Hippocrates’ famous quote, “Let food be thy medicine and medicine be thy food,” is some sage advice, and as more Americans become concerned with avoiding heart disease, diabetes and other health issues, choosing the right foods is becoming a much bigger priority for a lot of folks.
The challenge can be selecting the best foods to fit a health-conscious diet. While red meat has often been tagged as an artery-clogging choice, a new study debunks that myth and recommends red meat to prevent and treat heart disease.
The study, which appeared in the Journal of Nutrition, found that increasing your daily intake of protein-rich foods that contain certain amino acids reduces the risk of heart disease as much as giving up smoking, according to the North American Meat Institute (NAMI).
NAMI reports, “Specifically, researchers found that eating a 75-gram portion of steak, a 100-gram portion of salmon or a pint of skim milk each day were effective in reducing arterial stiffness. Amy Jennings, Ph.D., of the Department of Nutrition, Norwich Medical School, University of East Anglia, Norwich, United Kingdom, told reporters, ‘The really surprising thing that we found is that amino acid intake has as much of an effect on blood pressure as established lifestyle risk factors such as salt intake, physical activity and alcohol consumption. For arterial stiffness, the association was similar to the magnitude of change previously associated with not smoking.’ The specific amino acids found in high levels in meat that offered the beneficial effects included glutamic acid, leucine and tyrosine.”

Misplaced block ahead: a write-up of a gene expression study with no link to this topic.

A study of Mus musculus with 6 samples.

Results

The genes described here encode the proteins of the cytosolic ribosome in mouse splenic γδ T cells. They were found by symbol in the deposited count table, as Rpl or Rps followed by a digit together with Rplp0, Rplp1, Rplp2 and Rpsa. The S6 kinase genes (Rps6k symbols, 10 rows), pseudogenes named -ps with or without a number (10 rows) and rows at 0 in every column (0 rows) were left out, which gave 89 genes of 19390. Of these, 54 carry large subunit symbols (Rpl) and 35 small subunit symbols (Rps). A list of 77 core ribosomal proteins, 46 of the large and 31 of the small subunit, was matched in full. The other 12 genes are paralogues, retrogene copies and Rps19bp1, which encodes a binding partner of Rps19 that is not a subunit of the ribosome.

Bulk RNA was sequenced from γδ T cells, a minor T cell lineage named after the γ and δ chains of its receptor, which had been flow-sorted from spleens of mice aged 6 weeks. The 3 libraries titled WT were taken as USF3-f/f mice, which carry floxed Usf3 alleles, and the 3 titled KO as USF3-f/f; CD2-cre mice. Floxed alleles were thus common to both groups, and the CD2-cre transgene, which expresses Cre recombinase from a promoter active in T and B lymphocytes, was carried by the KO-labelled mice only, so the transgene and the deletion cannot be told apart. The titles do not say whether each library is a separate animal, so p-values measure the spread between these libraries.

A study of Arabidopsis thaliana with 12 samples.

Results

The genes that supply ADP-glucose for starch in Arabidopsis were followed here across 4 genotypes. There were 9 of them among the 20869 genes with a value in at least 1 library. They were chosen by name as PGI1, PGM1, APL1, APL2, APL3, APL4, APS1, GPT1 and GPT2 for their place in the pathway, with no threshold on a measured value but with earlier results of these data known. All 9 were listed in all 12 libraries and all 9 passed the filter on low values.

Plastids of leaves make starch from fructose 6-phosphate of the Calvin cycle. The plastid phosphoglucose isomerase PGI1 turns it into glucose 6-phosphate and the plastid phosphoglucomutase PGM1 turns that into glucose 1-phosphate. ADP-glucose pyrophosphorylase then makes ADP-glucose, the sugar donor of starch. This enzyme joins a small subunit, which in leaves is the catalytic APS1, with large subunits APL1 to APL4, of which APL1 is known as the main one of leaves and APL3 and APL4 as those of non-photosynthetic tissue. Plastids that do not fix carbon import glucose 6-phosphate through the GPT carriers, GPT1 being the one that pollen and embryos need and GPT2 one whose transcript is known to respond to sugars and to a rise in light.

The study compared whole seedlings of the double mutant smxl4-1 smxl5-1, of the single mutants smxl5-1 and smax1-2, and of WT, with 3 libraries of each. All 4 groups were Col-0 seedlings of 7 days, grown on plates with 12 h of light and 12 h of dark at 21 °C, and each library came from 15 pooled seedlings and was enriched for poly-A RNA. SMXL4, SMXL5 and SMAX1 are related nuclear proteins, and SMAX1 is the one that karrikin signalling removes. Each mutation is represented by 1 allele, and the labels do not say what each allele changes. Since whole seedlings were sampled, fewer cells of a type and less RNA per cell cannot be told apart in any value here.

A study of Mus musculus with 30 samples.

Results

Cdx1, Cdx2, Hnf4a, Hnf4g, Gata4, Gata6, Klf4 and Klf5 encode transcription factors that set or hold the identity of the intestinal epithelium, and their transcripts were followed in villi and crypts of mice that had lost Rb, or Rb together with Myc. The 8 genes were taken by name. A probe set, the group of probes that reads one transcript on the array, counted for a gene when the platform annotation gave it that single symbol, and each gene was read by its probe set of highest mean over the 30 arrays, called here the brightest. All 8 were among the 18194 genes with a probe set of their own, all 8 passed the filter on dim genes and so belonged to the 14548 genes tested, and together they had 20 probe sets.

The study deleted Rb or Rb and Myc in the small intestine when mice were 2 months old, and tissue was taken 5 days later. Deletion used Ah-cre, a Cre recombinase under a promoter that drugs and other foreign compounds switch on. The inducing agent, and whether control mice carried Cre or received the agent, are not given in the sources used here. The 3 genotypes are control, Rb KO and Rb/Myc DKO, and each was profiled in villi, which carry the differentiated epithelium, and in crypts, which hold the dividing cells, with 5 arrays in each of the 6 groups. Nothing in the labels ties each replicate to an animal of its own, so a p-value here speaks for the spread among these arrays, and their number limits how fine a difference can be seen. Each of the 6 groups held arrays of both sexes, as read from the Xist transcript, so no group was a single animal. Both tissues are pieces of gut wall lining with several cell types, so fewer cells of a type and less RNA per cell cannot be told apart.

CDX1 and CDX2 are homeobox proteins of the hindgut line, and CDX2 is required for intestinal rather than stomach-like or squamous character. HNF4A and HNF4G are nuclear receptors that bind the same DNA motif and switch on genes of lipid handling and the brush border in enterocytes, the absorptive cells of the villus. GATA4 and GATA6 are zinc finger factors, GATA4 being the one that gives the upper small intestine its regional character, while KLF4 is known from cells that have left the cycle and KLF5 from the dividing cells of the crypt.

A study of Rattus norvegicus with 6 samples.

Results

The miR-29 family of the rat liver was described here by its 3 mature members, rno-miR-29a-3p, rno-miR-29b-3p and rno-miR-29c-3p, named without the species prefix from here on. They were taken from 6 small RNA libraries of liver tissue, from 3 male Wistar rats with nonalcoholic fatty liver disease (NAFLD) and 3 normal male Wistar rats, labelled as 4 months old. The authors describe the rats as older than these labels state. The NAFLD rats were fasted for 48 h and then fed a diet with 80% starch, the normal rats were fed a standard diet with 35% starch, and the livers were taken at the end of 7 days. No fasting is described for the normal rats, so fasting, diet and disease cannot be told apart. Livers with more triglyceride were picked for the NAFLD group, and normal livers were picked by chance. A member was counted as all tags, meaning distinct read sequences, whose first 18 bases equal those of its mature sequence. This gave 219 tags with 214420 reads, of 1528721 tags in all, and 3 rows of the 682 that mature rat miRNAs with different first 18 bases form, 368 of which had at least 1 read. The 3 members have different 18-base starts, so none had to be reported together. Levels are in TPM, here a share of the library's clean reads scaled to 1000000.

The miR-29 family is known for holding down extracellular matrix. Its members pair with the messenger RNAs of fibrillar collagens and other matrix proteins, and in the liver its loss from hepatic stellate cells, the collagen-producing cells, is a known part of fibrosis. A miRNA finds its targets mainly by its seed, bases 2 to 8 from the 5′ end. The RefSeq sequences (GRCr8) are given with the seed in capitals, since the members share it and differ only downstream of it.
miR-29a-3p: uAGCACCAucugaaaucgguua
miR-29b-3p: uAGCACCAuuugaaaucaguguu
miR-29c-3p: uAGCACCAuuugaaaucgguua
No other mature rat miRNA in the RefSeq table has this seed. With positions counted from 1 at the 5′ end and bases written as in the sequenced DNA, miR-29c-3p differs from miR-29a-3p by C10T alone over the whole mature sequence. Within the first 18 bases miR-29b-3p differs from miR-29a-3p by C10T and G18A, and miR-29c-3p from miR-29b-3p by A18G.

The study evaluated more than 1,800 female twins aged 18-75 and assessed the associations between endpoints of arterial stiffness and intake, adjusting for potential confounders.
According to the study, “The data provide evidence to suggest that intake of several amino acids is associated with cardiovascular benefits beyond blood pressure reduction in healthy women. The magnitude of the observed associations was similar to those previously reported for other lifestyle factors. Increasing intake of these amino acids could be an important and readily achievable way to reduce cardiovascular disease risk.”
This is good news for women and is reassuring to know that America’s favorite protein is actually a superfood that offers medicinal purposes in preventing and treating heart disease. I’ll happily continue to enjoy grilling steaks and eating burgers. Help me spread the word about this new study and debunk the myth that beef is bad for your health. Share this post on social media and let me know how beef fits into your healthy, active lifestyle.
The opinions of Amanda Radke are not necessarily those of beefmagazine.com or Penton Agriculture.